Those that subscribe to the Vince Lombardi philosophy that ‘winning isn’t everything, it’s the only thing,’ aren’t going to want to hear this. But there’s just as much truth to the contrary view taken by another legendary coach, basketball hall of famer Morgan Wootten, who said that if you learn something from defeat, you haven’t really lost.
The latter approach is the one East Carolina’s baseball team was forced to adopt recently after a winless trip to Southern California.
While the three close losses to top-ranked UCLA were frustrating and will go down as an unfortunate blemish on the Pirates’ otherwise exemplary record, they could turn out to be useful in the long run because of the experience gained by coach Cliff Godwin’s 12th-ranked team.
That’s especially true if ECU should happen to advance to an NCAA Super Regional next month and face a similarly talented opponent on its home field — as former ECU third baseman and current Bruins assistant coach Bryant Ward told Godwin after UCLA’s 8-5 win in the series opener two Fridays ago.
It was one two games in which the Bruins beat the Pirates by scoring in their final at bat.
“He said, ‘That was like a Super Regional-type atmosphere,’ ” Godwin said of Ward. “Every pitch was the difference between winning and losing the game. I felt like that all weekend. It wasn’t an intimidating crowd, but you knew if you made a bad pitch or you weren’t on your A-game offensively or defensively, they were going to make you pay for it.”
Godwin didn’t have to schedule such a difficult test for his team on its open week in the American Athletic Conference schedule. He could easily have padded the Pirates’ record by playing at home against a lesser nonconference foe.
But when you’ve set the bar as high as he and his players have and have hopes of making a deep run into postseason, you don’t take the easy way out. You challenge yourself to be the best by playing the best. Even if it means there’s a chance you might lose.
“It’s going to make us better,” Godwin said of the UCLA series. “We’re going to learn from it.”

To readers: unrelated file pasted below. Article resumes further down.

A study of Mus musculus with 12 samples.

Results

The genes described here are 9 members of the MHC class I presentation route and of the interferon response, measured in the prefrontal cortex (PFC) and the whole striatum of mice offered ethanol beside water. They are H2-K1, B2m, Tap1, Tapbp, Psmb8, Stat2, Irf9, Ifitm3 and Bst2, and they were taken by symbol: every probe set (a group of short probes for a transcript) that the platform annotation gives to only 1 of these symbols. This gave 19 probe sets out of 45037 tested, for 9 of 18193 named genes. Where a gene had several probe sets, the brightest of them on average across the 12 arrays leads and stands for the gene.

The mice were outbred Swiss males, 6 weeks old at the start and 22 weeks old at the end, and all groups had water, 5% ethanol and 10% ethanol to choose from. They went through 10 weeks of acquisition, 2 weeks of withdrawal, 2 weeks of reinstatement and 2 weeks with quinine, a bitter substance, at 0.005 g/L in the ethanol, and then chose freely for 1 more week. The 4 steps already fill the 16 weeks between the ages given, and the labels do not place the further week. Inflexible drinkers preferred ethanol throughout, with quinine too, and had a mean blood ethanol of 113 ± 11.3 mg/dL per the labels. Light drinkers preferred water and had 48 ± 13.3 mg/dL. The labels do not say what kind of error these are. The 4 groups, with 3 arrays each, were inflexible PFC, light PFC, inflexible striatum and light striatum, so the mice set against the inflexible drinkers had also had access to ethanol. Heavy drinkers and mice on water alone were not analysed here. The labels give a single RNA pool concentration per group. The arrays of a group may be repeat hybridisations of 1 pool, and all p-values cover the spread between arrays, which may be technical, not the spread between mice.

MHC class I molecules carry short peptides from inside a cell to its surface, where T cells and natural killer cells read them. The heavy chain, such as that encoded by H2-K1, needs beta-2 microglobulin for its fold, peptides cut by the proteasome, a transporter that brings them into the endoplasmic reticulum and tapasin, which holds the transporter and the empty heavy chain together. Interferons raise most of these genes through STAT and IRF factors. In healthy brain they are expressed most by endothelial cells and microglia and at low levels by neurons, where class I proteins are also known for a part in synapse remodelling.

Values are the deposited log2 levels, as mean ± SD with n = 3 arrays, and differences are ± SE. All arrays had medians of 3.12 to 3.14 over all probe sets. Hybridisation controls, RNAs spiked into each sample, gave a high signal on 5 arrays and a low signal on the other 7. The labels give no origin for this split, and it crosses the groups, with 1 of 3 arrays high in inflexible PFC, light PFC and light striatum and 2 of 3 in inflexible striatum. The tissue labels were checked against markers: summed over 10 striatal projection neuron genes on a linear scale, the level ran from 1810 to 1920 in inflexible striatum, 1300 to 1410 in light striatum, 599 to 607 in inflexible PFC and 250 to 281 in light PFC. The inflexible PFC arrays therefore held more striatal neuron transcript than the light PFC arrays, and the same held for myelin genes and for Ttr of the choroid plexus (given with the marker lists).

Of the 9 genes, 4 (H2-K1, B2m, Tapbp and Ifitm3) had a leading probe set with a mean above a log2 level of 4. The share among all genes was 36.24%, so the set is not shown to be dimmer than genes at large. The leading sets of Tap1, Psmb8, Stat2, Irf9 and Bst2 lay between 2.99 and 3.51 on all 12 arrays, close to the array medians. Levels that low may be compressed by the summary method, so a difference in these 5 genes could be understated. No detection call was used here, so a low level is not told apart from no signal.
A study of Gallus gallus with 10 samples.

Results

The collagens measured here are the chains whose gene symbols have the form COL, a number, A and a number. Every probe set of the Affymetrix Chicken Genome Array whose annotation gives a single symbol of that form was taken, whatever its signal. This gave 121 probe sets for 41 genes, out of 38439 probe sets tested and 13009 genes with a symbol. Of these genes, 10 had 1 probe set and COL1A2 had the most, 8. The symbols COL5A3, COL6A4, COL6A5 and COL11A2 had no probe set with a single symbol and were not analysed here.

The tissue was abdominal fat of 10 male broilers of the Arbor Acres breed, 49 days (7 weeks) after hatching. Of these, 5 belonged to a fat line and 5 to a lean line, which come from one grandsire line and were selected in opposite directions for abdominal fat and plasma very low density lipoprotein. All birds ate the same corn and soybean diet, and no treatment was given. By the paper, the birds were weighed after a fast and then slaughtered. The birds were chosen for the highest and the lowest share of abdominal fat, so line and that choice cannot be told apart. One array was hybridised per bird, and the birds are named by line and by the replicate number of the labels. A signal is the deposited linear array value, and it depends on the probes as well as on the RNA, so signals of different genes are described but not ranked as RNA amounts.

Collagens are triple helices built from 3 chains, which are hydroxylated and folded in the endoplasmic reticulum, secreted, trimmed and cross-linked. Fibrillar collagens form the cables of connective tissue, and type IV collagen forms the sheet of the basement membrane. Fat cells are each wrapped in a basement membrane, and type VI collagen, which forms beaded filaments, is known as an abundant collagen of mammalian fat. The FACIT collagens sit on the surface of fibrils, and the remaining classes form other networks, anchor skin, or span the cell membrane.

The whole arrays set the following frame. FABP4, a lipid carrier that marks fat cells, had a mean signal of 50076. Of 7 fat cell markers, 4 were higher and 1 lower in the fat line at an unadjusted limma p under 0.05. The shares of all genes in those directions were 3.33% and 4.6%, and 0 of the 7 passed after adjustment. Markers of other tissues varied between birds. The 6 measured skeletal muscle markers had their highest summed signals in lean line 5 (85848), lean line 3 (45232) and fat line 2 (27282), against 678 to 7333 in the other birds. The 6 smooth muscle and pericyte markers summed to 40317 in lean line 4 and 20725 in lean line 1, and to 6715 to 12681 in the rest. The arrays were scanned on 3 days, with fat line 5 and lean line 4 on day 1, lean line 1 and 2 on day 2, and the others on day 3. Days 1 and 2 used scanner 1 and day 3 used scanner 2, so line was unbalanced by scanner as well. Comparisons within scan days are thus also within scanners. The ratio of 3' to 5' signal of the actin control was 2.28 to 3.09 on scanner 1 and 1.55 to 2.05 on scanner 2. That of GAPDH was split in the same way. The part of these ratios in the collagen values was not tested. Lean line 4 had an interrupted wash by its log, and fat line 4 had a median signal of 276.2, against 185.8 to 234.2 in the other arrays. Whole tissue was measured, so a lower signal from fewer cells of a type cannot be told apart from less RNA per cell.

In order to make the most of the lesson, though, ECU must first keep itself in a position to win the AAC, host an NCAA regional and do a better job of exploiting the homefield advantage than it did a year ago.
And they did just that last week.
Despite having to deal with some unexpected travel issues on the return trip from the West Coast, the Pirates bounced back on Tuesday to beat Colonial Athletic Association leader Elon to complete a stretch in which they played 11 of 12 games on the road.
They then celebrated their return to Clark-LeClair Stadium by sweeping conference rival Connecticut over the Easter weekend.
The three straight victories were significant, not necessarily because of how they were achieved — although Jake Agnos’s continued mound domination and Spencer Brickhouse’s power display, among other aspects, were important. But rather, because they put ECU in the driver’s seat for the AAC regular season championship.
At 11-1 in the conference (29-10 overall), the Pirates have now swept three of the four league opponents they’ve played and enjoy at least a six-game cushion on everyone other than 8-3 Tulane, which they play this weekend. A series win against the Green Wave at Clark-LeClair would all but wrap up the crown and ensure ECU of the top seed in the upcoming conference tournament.
But that’s the farthest thing from Godwin’s mind right now.
“Our goal was never to be 11-1 in the conference,” he said. “It’s just to keep playing good baseball.”
That and to continue putting to good use the lessons learned in a winless but not lost weekend in Southern California.